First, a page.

In recent articles I have described the newly-recognized phenomenon of late restenosis in drug-coated stents. This form of restenosis is particularly dangerous. In drug-coated stents, restenosis is caused by the sudden formation of a blood clot within the stent, causing rapid occlusion of the coronary artery. Thus, it tends to manifest as a sudden, total blockage of the coronary artery, and therefore often presents as an acute myocardial infarction (heart attack) or even sudden death.
This is in stark contrast to the more typical, "classic" restenosis that occurs in non-drug-coated stents. Here, restenosis is caused by the growth of abnormal cells within the stent, and thus it most often occurs gradually, and usually leads to progressive (instead of sudden) symptoms. It was to prevent this kind of restenosis that drug-coated stents were developed in the first place. Indeed, the remarkable efficacy of drug-coated stents in preventing this "classic" restenosis has lead to their widespread adoption by cardiologists in the United States.
The use of clopidogrel (Plavix) appears to greatly reduce the risk of clot-induced late restenosis in drug-coated stents. Clopidogrel works by reducing the function of platelets, the tiny cells in the blood that help the blood to clot. But clopidogrel is very expensive, and it now begins to appear that very prolonged therapy with this drug (at least a year or two) ought to be used following the insertion of a drug-coated stent. Furthermore, taking clopidogrel greatly increases the risk of bleeding following most surgical procedures.
The emergence of late restenosis in drug-coated stents, and the subsequent requirement for long-term therapy with clopidogrel, has now created a dilemma for cardiologists. Drug-coated stents clearly reduce the risk of early restenosis that has plagued bare metal stents, and as long as the patient takes clopidogrel, the risk of late restenosis appears low. However, the need for clopidogrel creates fiscal problems for patients who need to buy their own drugs, and medical problems for patients who subsequently need surgery.
While this dilemma has not yet received much public airing, privately cardiologists are very concerned, and have initiated a vigorous internal debate regarding how to manage the use of clopidogrel after drug-coated stents are inserted.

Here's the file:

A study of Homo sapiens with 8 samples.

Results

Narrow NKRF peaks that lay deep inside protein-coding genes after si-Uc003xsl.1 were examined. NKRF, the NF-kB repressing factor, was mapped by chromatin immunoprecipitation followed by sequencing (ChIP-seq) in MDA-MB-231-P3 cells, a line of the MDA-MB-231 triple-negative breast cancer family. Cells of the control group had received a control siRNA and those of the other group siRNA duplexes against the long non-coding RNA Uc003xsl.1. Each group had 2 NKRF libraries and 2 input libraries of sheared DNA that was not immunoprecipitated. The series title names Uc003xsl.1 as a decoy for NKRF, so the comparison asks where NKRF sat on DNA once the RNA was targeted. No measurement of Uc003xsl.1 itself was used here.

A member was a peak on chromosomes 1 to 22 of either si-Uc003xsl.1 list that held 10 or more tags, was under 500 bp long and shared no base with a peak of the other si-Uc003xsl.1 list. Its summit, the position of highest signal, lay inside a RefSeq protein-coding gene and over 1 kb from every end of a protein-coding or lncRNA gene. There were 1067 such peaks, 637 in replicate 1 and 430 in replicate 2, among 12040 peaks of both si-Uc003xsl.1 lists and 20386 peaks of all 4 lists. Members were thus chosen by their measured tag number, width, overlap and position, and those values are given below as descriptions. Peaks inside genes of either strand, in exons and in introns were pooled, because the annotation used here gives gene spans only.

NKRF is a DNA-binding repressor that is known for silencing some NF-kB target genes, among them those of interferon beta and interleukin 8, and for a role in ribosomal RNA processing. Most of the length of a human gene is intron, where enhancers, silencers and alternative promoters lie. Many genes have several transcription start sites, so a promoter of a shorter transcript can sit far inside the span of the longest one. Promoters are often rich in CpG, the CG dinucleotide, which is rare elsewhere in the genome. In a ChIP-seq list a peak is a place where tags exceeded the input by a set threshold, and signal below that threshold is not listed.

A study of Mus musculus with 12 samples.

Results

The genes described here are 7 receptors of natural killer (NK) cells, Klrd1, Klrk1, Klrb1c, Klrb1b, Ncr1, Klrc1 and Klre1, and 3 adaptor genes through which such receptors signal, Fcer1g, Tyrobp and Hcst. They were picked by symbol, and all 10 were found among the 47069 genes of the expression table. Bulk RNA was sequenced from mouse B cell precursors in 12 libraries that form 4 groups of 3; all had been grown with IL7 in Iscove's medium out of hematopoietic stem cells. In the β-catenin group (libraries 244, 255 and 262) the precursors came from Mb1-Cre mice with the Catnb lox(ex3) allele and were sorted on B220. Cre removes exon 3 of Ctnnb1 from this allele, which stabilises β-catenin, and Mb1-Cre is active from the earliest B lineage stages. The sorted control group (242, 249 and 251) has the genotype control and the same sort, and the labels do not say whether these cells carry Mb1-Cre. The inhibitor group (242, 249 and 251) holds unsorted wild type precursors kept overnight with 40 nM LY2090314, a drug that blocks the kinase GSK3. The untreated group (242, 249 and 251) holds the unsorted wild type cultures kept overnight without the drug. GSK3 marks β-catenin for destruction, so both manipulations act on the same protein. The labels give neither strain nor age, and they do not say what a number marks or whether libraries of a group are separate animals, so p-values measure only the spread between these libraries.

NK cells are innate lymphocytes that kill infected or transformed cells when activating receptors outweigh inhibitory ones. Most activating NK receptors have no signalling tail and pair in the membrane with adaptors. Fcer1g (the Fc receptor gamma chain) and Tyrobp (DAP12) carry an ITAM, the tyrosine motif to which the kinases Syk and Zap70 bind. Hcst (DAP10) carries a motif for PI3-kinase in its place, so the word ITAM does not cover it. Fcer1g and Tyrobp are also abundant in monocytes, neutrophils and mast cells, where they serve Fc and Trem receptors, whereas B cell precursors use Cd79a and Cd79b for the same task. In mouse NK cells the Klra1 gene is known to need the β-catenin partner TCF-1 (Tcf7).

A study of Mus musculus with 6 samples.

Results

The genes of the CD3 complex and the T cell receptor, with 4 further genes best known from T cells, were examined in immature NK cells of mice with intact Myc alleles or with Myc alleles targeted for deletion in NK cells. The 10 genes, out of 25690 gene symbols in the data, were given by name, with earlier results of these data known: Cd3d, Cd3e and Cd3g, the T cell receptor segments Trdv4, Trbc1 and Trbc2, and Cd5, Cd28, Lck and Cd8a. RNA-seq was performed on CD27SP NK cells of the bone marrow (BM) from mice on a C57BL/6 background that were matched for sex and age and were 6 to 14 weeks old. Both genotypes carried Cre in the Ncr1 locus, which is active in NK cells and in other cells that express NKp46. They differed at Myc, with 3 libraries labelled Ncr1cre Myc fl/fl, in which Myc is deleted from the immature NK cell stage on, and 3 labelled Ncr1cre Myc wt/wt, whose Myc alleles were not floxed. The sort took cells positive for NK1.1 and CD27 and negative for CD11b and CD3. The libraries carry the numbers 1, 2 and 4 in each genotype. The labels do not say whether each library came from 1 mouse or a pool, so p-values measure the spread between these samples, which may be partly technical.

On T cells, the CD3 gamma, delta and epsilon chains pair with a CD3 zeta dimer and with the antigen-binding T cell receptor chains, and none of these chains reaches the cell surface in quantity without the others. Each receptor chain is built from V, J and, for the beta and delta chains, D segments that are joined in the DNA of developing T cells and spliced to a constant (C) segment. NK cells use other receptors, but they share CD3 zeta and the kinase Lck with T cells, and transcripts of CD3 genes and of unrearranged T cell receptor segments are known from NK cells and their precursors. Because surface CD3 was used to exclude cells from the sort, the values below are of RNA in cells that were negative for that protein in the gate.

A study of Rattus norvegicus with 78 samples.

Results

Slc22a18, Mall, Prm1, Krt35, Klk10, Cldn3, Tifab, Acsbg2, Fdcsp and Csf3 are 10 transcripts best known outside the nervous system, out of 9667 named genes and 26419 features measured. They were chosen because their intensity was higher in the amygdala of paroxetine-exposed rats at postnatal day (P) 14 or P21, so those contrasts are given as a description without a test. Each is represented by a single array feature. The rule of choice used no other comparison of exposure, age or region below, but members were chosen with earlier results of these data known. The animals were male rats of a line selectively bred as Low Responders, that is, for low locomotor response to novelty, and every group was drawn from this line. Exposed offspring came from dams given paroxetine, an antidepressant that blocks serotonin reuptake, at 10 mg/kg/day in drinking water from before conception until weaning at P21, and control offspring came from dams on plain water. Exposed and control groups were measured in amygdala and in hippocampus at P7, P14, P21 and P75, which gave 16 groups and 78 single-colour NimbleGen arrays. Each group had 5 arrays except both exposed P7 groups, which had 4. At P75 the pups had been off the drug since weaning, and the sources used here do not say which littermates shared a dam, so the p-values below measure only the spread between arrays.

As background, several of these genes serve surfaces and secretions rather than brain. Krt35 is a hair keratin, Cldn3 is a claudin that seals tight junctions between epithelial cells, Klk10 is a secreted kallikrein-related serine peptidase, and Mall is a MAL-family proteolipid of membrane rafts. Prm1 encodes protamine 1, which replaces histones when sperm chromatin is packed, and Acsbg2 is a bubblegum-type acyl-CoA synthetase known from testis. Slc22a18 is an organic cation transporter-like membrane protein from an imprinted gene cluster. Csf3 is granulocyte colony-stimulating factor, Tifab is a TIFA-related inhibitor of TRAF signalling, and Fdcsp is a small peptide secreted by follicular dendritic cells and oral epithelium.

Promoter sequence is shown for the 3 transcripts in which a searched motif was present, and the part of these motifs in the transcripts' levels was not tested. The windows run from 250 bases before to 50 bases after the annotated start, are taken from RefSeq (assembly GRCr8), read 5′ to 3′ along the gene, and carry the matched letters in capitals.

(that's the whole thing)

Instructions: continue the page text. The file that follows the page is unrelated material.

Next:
Meanwhile, patients are getting mixed messages, and worse, are being placed in untenable positions. For example, here is a recent exchange on the Heart Disease Forum in which a patient is told by the surgeon that clopidogrel MUST be stopped before necessary surgery, and by the cardiologist that clopidogrel MUST NOT ever be stopped under any circumstances. Meanwhile, in an on-line forum for cardiologists (at TheHeart.org), doctors argue vociferously about when, or even whether, it is ever "safe" to stop clopidogrel after the use of a drug-coated stent - and some question whether these stents ought to be used at all in patients likely to need further medical procedures.
What this means for patients
Most cardiologists agree that drug-coated stents are still the right choice for patients who need coronary artery stenting. Still, there are several other options for treating coronary artery disease, and they all ought to be considered. Based on what we know today, cardiologists should feel obligated to tell their patients about this emerging downside to the use of drug-coated stents. The doctor should clearly describe the need for very prolonged, possibly permanent clopidogrel therapy, and the difficult issues that might arise if and when the patient should ever need future surgery. And before agreeing to receive a drug-coated stent, the patient should extract from the cardiologist a pledge that, should surgery become necessary in the future, the cardiologist will work in good faith with the surgeon to manage the use of clopidogrel in order to minimize both the risk of bleeding and the risk of restenosis.